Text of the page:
1 Article purpose
The purpose of this article is to:
- briefly introduce the DSI peripheral and its main features
- indicate the level of security supported by this hardware block
- explain how each instance can be allocated to the three runtime contexts and linked to the corresponding software components
- explain, when necessary, how to configure the DSI peripheral.
2 Peripheral overview
The DSI peripheral implements all the protocol functions defined in the MIPI® Display Serial Interface (MIPI® DSI) specification. It provides an interface to communicate with a DSI-compliant display. The MIPI® DSI is part of a group of communication protocols defined by the MIPI® Alliance .
Refer to the STM32MP15 reference manuals for the complete list of features, and to the software components, introduced below, to see which features are implemented.
2.2 Security support
The DSI is a non-secure peripheral.
3 Peripheral usage and associated software
Even if some MIPI DSI modes are supported by the DSI internal peripheral, in practice:
- software frameworks like U-Boot or Linux® kernel does not support all the possible modes.
- hardware integration constraints like the clock possible values or the pll configurations make difficult to use all possible modes.
It is recommended to select a MIPI DSI panel or bridge supporting the DSI video burst mode  because this mode is supported by all sw frameworks and is easier to fine tune. Please consider the following recommandations when selecting a MIPI DSI panel or bridge for your project:
- Pixel data transmission
- in DSI command mode: not supported in U-Boot and in Linux® kernel. Please consider the DSI video mode instead.
- in DSI video mode:
- in burst mode: supported
- non-burst mode with sync events or pulses: supported but there are clock constraints to consider .
- Command transmission (initialization sequence, backlight...)
3.1 Boot time
The DSI is used at boot time for displaying a splash screen thanks to the U-Boot framework .
The DSI internal peripheral is allocated to the Arm® Cortex®-A7 non-secure core to be controlled in Linux® by the Linux DRM/KMS framework.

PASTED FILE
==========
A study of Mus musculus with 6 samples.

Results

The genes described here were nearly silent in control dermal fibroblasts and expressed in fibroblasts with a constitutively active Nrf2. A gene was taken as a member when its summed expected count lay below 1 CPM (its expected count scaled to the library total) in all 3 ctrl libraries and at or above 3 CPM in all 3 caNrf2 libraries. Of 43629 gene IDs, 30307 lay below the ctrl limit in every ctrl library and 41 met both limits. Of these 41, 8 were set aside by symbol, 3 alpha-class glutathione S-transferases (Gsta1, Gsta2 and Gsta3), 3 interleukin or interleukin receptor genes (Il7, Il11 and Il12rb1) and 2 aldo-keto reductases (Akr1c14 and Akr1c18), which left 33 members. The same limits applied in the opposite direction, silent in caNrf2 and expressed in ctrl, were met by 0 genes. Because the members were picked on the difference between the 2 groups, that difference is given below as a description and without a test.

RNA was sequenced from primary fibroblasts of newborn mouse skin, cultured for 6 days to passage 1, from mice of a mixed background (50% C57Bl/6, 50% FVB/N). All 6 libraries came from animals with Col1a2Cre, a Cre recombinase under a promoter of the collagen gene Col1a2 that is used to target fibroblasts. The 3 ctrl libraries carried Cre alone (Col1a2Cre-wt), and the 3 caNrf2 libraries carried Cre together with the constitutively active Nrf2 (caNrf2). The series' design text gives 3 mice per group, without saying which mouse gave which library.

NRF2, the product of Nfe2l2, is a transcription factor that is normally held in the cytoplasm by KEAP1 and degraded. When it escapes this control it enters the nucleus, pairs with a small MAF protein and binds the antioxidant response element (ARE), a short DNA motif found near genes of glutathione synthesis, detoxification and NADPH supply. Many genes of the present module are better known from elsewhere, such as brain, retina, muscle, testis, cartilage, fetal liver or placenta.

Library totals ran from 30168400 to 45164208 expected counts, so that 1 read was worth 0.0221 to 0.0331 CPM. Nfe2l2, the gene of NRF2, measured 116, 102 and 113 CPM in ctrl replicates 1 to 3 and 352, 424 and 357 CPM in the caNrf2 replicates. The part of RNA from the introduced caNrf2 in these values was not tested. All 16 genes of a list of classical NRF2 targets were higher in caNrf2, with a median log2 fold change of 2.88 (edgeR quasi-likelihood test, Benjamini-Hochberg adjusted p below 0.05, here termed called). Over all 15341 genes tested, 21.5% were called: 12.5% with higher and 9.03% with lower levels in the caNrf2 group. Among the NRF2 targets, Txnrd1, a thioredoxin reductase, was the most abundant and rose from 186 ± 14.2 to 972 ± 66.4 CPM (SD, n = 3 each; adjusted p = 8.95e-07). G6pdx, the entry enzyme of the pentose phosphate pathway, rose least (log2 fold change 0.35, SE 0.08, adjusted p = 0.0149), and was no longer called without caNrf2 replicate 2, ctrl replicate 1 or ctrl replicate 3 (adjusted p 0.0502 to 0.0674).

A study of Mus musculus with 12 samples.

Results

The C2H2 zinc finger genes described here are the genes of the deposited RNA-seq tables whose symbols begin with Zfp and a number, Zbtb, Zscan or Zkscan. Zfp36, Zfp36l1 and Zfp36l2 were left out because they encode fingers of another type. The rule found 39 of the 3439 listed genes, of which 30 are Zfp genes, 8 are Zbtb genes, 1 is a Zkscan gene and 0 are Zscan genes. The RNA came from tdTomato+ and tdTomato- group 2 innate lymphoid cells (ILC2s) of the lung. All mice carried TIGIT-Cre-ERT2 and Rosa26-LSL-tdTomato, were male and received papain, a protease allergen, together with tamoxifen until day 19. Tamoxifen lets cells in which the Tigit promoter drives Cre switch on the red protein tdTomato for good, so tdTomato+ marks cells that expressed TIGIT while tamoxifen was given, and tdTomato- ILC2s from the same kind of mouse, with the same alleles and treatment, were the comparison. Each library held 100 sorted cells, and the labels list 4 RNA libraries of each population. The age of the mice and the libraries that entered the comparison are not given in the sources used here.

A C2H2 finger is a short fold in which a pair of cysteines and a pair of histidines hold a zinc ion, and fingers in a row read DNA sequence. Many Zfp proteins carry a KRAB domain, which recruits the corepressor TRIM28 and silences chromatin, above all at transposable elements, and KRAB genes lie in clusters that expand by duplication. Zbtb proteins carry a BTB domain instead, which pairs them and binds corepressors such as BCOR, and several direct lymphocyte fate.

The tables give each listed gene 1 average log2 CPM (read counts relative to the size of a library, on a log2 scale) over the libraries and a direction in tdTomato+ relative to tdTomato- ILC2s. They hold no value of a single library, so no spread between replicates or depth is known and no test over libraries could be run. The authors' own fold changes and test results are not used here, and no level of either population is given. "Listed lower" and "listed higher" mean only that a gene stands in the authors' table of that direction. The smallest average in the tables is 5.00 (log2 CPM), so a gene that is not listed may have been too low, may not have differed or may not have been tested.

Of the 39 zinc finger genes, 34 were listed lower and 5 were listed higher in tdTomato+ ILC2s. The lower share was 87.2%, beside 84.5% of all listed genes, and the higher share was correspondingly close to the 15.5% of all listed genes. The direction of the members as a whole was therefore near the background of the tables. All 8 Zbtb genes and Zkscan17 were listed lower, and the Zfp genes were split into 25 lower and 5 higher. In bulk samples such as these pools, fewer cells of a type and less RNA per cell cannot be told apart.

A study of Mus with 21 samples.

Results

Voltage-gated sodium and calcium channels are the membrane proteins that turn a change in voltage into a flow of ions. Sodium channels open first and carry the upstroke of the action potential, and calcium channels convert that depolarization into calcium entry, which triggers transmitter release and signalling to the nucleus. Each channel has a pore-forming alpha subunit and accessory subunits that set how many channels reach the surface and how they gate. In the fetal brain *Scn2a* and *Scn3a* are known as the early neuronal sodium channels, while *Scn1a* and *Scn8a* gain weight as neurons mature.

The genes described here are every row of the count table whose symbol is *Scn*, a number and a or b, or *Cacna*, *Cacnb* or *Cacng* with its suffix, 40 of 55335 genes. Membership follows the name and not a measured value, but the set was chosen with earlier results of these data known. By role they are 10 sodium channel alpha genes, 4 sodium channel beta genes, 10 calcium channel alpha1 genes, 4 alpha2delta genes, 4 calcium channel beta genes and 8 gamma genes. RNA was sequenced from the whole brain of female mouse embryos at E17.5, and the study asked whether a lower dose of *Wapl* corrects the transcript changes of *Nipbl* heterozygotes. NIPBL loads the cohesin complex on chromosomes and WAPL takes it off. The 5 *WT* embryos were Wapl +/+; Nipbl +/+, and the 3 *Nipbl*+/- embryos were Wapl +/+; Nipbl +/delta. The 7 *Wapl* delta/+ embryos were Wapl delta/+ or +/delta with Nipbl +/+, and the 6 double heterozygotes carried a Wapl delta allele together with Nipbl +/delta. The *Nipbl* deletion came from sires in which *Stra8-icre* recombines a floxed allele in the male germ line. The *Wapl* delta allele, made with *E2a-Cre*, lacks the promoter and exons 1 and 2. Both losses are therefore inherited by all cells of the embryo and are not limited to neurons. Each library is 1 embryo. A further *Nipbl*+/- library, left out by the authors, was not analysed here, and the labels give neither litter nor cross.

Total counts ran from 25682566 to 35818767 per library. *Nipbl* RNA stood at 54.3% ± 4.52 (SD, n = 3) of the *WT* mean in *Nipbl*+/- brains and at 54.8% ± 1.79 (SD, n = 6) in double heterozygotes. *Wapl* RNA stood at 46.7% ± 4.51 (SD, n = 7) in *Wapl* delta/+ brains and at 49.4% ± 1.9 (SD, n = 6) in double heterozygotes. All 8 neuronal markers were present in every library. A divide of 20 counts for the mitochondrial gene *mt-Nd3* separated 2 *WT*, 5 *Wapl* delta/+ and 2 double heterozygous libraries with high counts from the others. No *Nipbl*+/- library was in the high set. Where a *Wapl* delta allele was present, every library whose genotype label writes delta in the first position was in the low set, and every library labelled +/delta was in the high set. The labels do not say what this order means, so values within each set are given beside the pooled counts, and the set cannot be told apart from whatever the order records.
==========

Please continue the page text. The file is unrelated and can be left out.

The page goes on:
Chapter Peripheral assignment describes which peripheral instance can be assigned to which context.
3.2.2 Software frameworks
3.2.3 Peripheral configuration
The configuration is applied by the firmware running in the context to which the peripheral is assigned. The configuration can be done alone via the STM32CubeMX tool for all internal peripherals, and then manually completed (particularly for external peripherals), according to the information given in the corresponding software framework article or for Linux® in the DSI device tree configuration article.
3.2.4 Peripheral assignment
Check boxes illustrate the possible peripheral allocations supported by STM32 MPU Embedded Software:
- ☐ means that the peripheral can be assigned (☑) to the given runtime context.
- ✓ is used for system peripherals that cannot be unchecked because they are statically connected in the device.
Refer to How to assign an internal peripheral to a runtime context for more information on how to assign peripherals manually or via STM32CubeMX.
The present chapter describes STMicroelectronics recommendations or choice of implementation. Additional possiblities might be described in STM32MP15 reference manuals.
4 How to go further
Refer to the STM32 DSI application note (AN4860)  for a detailed description of the DSI peripheral and applicable use-cases.
Even if this application note is related to STM32 microcontrollers, it also applies to STM32 MPUs.